Cuomo Dares McConnell to Let States Seek Bankruptcy

(Bloomberg) -- New York Governor Andrew Cuomo dared U.S. Senate Majority Leader Mitch McConnell to pass a bill allowing states to seek bankruptcy, saying it would signal to the stock market and other countries that the economy is flailing.

“You want to send a signal to the markets that this nation is in real trouble? You want to send an international message the economy is in trouble? Do that,” Cuomo said Friday at a press briefing.

McConnell, a Kentucky Republican, has suggested that states could pursue bankruptcy as an alternative to federal stimulus, as a way to ease fiscal crises caused by virus stay-at-home orders. New York, the epicenter of the U.S. coronavirus outbreak, faces a $13.3 billion revenue shortfall and has led governors in lobbying for billions of dollars in cash assistance in the next stimulus bill.

States can’t legally declare bankruptcy, and Congress would need to pass legislation to do so, according to Cuomo, a Democrat. McConnell has indicated that he’s prepared for a massive fight over aid to states.

McConnell said this week that states with high public-employee pension obligations -- mostly those with Democratic governors -- had troubled finances before the outbreak, and that Congress shouldn’t be “rescuing them from bad decisions they’ve made in the past.”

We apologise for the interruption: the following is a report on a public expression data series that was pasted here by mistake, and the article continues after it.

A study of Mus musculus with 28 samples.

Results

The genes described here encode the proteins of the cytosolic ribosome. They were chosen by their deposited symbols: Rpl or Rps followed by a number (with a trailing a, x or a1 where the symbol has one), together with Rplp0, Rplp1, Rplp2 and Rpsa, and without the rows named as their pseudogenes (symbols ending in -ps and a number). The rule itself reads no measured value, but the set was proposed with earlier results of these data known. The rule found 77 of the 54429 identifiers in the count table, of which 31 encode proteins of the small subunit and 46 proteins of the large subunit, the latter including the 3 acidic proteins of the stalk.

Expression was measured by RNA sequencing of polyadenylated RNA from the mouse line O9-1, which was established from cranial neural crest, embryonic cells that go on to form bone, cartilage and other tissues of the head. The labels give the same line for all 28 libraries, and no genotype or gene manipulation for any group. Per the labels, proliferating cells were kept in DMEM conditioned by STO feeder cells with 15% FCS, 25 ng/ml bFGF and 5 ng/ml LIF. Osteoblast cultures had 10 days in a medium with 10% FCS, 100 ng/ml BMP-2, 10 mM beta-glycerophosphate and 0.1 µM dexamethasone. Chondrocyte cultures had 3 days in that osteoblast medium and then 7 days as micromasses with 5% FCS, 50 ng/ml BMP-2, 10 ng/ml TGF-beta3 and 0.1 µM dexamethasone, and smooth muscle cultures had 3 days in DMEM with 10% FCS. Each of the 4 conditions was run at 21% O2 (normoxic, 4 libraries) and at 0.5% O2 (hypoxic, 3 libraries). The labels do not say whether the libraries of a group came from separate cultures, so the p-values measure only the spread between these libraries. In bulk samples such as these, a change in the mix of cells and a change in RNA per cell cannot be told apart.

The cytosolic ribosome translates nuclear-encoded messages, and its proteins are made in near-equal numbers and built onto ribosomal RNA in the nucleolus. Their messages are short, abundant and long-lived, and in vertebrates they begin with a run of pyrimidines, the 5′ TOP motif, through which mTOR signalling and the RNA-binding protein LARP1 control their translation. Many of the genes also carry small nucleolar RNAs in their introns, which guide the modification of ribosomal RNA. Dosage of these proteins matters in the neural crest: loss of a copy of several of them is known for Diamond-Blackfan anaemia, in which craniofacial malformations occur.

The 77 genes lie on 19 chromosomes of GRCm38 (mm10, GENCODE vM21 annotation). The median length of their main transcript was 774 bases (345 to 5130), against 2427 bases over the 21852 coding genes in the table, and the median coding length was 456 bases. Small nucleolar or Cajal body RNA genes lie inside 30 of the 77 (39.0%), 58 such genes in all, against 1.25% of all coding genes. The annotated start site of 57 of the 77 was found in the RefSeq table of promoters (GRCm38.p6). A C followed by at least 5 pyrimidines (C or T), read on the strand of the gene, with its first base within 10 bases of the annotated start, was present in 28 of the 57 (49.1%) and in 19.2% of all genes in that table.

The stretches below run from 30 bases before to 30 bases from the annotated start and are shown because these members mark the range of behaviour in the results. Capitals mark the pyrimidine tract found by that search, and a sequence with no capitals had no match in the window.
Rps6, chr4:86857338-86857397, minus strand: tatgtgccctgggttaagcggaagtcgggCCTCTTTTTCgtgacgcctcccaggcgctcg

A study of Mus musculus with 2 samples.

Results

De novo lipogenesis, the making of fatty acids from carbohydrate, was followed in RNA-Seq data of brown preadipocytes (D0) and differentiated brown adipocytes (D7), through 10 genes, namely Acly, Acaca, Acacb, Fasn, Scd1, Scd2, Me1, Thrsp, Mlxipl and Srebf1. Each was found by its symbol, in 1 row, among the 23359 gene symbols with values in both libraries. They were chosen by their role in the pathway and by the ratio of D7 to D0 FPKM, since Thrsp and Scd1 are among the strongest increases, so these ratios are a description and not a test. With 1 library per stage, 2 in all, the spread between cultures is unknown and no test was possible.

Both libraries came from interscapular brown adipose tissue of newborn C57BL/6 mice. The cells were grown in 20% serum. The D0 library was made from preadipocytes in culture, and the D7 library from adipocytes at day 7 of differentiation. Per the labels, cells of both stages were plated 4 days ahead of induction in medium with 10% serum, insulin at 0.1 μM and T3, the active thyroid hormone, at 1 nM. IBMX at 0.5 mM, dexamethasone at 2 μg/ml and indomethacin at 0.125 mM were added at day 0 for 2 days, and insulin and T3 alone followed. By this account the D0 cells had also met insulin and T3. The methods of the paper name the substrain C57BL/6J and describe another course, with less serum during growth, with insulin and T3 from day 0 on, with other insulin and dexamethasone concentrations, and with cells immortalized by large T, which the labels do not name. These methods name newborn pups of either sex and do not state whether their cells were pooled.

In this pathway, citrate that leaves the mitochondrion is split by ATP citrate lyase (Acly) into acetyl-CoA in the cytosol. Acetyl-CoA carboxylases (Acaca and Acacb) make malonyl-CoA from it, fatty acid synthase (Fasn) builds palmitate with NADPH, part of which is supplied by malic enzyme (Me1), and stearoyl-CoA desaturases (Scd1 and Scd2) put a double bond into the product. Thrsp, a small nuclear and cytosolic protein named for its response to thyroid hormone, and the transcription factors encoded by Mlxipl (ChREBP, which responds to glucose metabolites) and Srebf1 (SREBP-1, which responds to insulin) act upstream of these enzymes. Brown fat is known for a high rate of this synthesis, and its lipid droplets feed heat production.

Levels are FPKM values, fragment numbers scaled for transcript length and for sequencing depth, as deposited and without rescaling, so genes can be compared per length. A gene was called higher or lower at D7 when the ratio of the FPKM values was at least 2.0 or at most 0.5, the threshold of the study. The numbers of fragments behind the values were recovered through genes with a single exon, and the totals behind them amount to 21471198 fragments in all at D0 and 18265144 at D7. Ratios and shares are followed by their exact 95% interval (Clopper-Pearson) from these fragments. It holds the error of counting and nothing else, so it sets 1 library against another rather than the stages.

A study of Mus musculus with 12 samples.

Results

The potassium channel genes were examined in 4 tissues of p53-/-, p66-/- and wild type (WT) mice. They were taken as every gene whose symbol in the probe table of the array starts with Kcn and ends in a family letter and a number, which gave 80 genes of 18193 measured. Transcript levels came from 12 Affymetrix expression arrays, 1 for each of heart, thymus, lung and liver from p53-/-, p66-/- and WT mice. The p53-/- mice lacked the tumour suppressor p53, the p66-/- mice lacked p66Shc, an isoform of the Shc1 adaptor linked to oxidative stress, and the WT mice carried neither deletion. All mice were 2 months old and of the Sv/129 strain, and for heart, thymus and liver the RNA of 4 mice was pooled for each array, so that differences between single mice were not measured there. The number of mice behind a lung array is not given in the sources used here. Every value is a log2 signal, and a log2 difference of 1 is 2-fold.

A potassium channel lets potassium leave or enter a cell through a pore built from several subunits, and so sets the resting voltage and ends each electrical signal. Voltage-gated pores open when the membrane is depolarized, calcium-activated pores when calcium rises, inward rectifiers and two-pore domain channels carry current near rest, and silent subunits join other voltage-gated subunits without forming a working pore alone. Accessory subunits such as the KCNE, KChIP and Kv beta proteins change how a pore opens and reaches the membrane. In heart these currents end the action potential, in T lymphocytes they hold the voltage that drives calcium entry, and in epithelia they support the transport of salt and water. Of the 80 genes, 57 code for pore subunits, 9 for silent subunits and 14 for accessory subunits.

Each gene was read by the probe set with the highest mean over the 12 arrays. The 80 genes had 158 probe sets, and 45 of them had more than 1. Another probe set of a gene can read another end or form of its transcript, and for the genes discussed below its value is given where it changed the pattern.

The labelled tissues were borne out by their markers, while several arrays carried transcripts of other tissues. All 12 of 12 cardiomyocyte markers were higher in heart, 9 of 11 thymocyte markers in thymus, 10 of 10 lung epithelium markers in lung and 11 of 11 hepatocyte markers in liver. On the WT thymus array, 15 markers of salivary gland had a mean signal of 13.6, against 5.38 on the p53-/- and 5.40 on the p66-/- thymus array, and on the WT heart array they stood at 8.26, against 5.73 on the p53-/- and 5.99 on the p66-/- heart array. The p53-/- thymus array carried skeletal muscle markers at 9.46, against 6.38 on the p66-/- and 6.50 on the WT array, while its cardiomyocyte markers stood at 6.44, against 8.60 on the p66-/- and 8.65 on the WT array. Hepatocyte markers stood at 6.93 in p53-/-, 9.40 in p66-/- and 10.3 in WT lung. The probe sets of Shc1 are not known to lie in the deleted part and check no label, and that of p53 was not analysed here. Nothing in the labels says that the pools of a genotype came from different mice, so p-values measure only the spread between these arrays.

Cuomo called McConnell’s comments about “blue-state bailouts” and bankruptcy “the most un-American, uncharitable, ugly statement of all times.”

On a call Friday afternoon with governors and senior members of the Trump administration, Cuomo was the only one who mentioned McConnell by name, according to a person who was on the call and requested anonymity as a condition of speaking. As many as 12 governors spoke, mostly about testing, stimulus guidance and additional state aid, the person said. Vice President Mike Pence, White House task force coordinator Deborah Birx and Anthony Fauci, the nation’s top infectious disease expert, were on the call, the person said.

Lost Revenue

In New York, where more than 270,000 people have tested positive for Covid-19 and more than 16,000 have died, the state is projecting a $61 billion hit to revenue between this year and fiscal 2024. The economy is largely at a standstill as costs for medical supplies and essential services rise.

New Jersey had more than $34 billion of bonds downgraded Tuesday by Fitch Ratings because of the financial toll of the coronavirus pandemic. The downgrade cames as Governor Phil Murphy is seeking to borrow as much as $9 billion through the Federal Reserve’s first-ever program to lend to states. New Jersey would increase property and sales taxes, if need be, to repay the debt.

On Friday, Murphy said he had was working to get the U.S. Treasury Department to loosen its rules for the use of federal aid.

“I had a very productive call this morning with Secretary of the Treasury Steven Mnuchin. We’ve got big money issues,” he said at a late-afternoon news conference. “We have to make sure we get what’s rightfully ours.”